CSC's growth focuses on cyber, health and independence
As competitors are acquired, CSC touts its independence and pins its growth in areas such as cybersecurity, health and logistics.
In the wake of a major consolidation of the information technology services market during the past year, Computer Sciences Corp. officials said they believe they now have a distinct edge because they can offer independent and flexible integration services to the public sector.
Some of the company’s biggest competitors have been acquired by hardware manufacturers, such as EDS by Hewlett-Packard, Affiliated Computer Services by Xerox and Perot Systems by Dell.
“We believe this distinguishes CSC in the federal market because it makes us the only integrator on a large, global scale that faces no obligation to offer a specific brand of hardware based on corporate ownership,” said Jim Sheaffer, president of CSC’s North American Public Sector unit. “We architect our solutions to meet the objectives of our customer independent of a preferred array of hardware components. Vertically integrated vendors, such as HP/EDS or IBM, can offer potentially a bundled price for their solution offering, but the subcomponents may not be a best-of-breed solution.”
CSC collected $3.3 billion in prime contract dollars in 2009, finishing No. 10 on Washington Technology’s 2010 Top 100 list of the largest government contractors.
Its North American Public Sector unit is already off to a strong start in 2010, Sheaffer said, adding that the company plans to sharpen its focus on high-growth market segments, such as cybersecurity, data center consolidation, health IT, training and simulation, and logistics.
“We have been shifting our investments and approach in the past 12 to 18 months in response to new government priorities and long-term drivers,” Sheaffer said.
Much of CSC’s success during the past year reflects the company’s new focus, he added. For example, it recently captured the recompete and expansion of the support program for the Defense Cyber Investigations Training Academy. The company also won a blanket purchase agreement to provide security services for the Agriculture Department and is now providing vulnerability analysis and penetration testing to evaluate network security for a major intelligence agency.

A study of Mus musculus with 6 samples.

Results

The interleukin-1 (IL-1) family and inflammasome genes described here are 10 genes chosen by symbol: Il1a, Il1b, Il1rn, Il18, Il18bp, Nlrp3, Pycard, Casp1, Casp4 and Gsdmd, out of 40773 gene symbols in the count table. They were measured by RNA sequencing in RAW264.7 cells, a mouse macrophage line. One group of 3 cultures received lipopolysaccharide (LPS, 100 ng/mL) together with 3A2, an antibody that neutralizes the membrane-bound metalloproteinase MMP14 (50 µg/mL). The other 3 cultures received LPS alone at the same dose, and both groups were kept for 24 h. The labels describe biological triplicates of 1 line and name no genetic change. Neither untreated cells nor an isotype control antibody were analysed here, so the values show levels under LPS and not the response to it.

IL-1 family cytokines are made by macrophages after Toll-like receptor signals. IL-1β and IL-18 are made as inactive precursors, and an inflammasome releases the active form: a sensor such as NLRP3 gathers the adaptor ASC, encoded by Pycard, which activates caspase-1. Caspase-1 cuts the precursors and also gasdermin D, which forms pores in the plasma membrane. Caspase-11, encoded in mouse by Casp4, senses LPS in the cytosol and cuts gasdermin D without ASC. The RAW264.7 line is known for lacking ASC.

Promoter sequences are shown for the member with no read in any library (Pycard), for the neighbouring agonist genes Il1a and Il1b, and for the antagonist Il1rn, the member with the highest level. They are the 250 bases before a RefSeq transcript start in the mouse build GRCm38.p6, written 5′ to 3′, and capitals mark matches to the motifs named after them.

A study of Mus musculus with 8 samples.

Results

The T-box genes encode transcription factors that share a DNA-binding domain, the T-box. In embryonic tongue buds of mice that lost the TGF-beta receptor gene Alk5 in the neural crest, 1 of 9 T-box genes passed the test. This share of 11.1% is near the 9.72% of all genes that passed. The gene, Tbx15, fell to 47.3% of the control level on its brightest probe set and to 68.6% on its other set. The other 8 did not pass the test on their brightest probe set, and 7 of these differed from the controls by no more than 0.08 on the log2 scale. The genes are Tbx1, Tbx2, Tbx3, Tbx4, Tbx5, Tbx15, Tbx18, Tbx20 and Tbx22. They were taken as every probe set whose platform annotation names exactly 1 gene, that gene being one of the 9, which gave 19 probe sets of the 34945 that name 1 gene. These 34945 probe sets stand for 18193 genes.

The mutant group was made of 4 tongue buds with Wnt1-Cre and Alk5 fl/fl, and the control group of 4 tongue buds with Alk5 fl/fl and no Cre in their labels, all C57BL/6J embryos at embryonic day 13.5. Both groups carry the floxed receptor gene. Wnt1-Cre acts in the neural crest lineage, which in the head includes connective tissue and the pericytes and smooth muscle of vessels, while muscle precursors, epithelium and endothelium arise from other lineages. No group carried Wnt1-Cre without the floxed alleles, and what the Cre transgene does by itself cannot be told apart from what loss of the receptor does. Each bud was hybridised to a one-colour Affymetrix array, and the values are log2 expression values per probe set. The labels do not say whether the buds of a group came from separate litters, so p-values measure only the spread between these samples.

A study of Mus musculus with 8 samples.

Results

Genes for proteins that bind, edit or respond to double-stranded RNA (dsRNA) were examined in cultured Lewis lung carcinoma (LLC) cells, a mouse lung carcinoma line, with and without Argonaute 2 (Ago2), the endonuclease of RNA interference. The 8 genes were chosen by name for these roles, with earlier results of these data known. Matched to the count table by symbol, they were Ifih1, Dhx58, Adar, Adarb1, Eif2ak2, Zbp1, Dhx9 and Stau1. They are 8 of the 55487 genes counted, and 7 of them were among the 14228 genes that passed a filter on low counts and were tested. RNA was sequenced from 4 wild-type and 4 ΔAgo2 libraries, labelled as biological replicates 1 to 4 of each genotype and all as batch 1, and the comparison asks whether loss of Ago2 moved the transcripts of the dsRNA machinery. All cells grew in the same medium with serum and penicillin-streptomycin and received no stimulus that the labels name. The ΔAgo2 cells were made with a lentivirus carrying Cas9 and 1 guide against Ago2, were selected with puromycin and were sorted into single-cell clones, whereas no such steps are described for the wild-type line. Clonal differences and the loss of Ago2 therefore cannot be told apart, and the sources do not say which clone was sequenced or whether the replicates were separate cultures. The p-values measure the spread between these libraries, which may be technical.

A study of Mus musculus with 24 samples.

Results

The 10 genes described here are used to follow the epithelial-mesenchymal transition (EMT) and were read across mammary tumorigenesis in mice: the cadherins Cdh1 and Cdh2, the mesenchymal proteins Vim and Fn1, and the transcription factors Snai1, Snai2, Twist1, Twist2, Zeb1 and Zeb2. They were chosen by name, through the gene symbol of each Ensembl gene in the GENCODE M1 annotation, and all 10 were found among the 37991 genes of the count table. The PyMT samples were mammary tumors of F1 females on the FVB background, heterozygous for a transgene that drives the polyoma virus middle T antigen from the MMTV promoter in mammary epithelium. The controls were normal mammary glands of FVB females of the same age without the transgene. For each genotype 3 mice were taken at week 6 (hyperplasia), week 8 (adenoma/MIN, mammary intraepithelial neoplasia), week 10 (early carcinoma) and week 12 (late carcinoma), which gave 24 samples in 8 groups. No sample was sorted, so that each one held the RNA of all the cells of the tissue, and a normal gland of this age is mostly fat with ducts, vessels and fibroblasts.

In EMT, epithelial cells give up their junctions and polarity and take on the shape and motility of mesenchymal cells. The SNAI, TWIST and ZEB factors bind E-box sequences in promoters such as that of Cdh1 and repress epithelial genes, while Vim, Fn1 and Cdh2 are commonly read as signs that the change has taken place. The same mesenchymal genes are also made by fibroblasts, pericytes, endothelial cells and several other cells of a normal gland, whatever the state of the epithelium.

CSC is also playing a major role in the consolidation of data center resources at the Homeland Security Department and was one of two companies selected to compete for the Health and Human Services Department’s Information Technology Infrastructure Operations task-order contract.
It recently won the right to compete for task orders through an Environmental Protection Agency blanket purchase agreement for IT services, IT security, telecommunications, geospatial support and high-performance computing.
On the health care front, CSC captured a claims-processing opportunity from the Veterans Affairs Department.
The North American Public Sector unit was especially successful in 2009, Sheaffer said, with revenue growth, strong performance on existing programs and a number of significant new program wins. “One of the areas that we are significantly proud of this year is our level of execution, particularly our work on some of the key mission-critical programs for the government,” he said, noting large-scale development projects such as the Army Logistics Modernization Program and the Air Force Expeditionary Combat Support System.
Sheaffer said CSC’s federal business will work hard to meet growth and financial performance targets in a federal market that is still recovering from the recession. However, the company has set a goal of 6 to 8 percent annual growth during the next three years. “Our challenge is to ensure that we develop and invest in services and offerings that are aligned with the priorities of the administration and government agency clients," he added.